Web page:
The Pentagon Papers were less secure

“Advanced Marketing Services, a San Diego-based distributor that expects to handle about 2 million [fortcoming Harry] Potter books between Saturday and January 2004, has hired security guards in the United States and added guard dogs for a Canadian distributor it partially owns. . . .

‘I can’t let you touch the book,’ warned Bill Carr,’s director of books, music, videos and DVDs. He gestured toward some of the more than 200,000 books — about 150 tons worth — that will be shipped to West Coast destinations.

Similar operations are under way at’s four other major regional distribution centers in Newcastle, Del.; Coffeyville, Kan.; Campbellsville, Ky.; and Lexington, Ky.

The 896-page books were locked in special rooms when they arrived at the warehouse. They were cordoned off from the rest of building by a pair of security guards, who were not allowed to talk to reporters. Reporters were searched on their way out of the building.”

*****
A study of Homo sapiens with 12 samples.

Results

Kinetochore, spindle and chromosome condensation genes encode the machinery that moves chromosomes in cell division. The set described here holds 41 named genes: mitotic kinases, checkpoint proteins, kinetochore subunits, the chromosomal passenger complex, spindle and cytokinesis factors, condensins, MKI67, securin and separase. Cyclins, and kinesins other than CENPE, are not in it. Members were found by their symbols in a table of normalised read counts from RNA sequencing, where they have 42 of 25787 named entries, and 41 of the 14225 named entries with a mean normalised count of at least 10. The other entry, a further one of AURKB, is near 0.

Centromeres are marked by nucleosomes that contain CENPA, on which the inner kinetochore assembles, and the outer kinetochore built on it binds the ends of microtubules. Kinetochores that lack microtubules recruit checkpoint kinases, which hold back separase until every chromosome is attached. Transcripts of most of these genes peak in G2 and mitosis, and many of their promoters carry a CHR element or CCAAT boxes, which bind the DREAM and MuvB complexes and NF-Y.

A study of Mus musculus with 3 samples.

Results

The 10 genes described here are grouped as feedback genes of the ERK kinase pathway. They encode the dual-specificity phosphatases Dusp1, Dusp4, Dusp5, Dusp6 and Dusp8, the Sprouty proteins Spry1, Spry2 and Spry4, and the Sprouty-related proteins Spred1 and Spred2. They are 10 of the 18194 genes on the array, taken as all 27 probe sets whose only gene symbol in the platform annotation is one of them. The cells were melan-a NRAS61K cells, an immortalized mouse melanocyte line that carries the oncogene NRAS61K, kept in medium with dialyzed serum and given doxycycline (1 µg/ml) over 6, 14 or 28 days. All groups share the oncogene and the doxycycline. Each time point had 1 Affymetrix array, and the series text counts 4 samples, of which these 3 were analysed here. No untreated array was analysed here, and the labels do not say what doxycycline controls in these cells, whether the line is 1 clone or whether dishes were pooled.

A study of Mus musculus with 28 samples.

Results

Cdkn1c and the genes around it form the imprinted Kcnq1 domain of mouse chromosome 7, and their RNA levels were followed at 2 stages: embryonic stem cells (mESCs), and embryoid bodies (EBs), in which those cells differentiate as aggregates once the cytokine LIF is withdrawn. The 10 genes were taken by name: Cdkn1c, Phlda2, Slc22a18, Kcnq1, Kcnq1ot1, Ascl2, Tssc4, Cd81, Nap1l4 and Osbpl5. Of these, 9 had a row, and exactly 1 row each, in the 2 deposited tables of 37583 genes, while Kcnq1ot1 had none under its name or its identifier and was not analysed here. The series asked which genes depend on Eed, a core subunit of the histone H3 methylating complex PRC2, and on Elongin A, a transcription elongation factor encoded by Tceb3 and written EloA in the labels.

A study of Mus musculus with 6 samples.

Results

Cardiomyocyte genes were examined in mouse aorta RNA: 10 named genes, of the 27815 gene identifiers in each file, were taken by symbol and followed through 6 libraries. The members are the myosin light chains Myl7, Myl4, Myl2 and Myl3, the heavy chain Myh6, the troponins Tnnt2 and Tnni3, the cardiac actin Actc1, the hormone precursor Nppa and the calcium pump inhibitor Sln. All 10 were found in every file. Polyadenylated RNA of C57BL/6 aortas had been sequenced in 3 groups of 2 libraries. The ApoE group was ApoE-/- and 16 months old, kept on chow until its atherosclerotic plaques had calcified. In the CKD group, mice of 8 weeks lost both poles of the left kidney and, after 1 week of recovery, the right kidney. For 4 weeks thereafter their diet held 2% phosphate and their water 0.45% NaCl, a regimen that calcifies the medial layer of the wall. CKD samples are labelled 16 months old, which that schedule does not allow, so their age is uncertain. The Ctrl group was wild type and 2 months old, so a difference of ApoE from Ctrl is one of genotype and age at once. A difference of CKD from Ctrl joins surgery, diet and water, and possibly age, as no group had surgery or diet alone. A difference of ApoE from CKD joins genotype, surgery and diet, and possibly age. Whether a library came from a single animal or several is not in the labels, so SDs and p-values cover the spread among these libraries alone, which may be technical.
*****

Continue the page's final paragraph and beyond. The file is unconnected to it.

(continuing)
–From MSNBC (thanks to Creative Commons intern Ben O’Neil).

4 thoughts on “The Pentagon Papers were less secure”

  1. Hopefully not. Was merely borrowing the posting title’s wit. As a matter of case law, I believe the pentagon papers doctrine applies to material obtained from state actors, not San Diego based book distributors.

  2. Perhaps the Pentagon Papers analogy isn’t far off — disclosure of even one chapter of Rowling’s latest could have caused “great and irreparable harm to the security of the United States,” endangering the improved literacy of every fourth grader in the country this summer, no?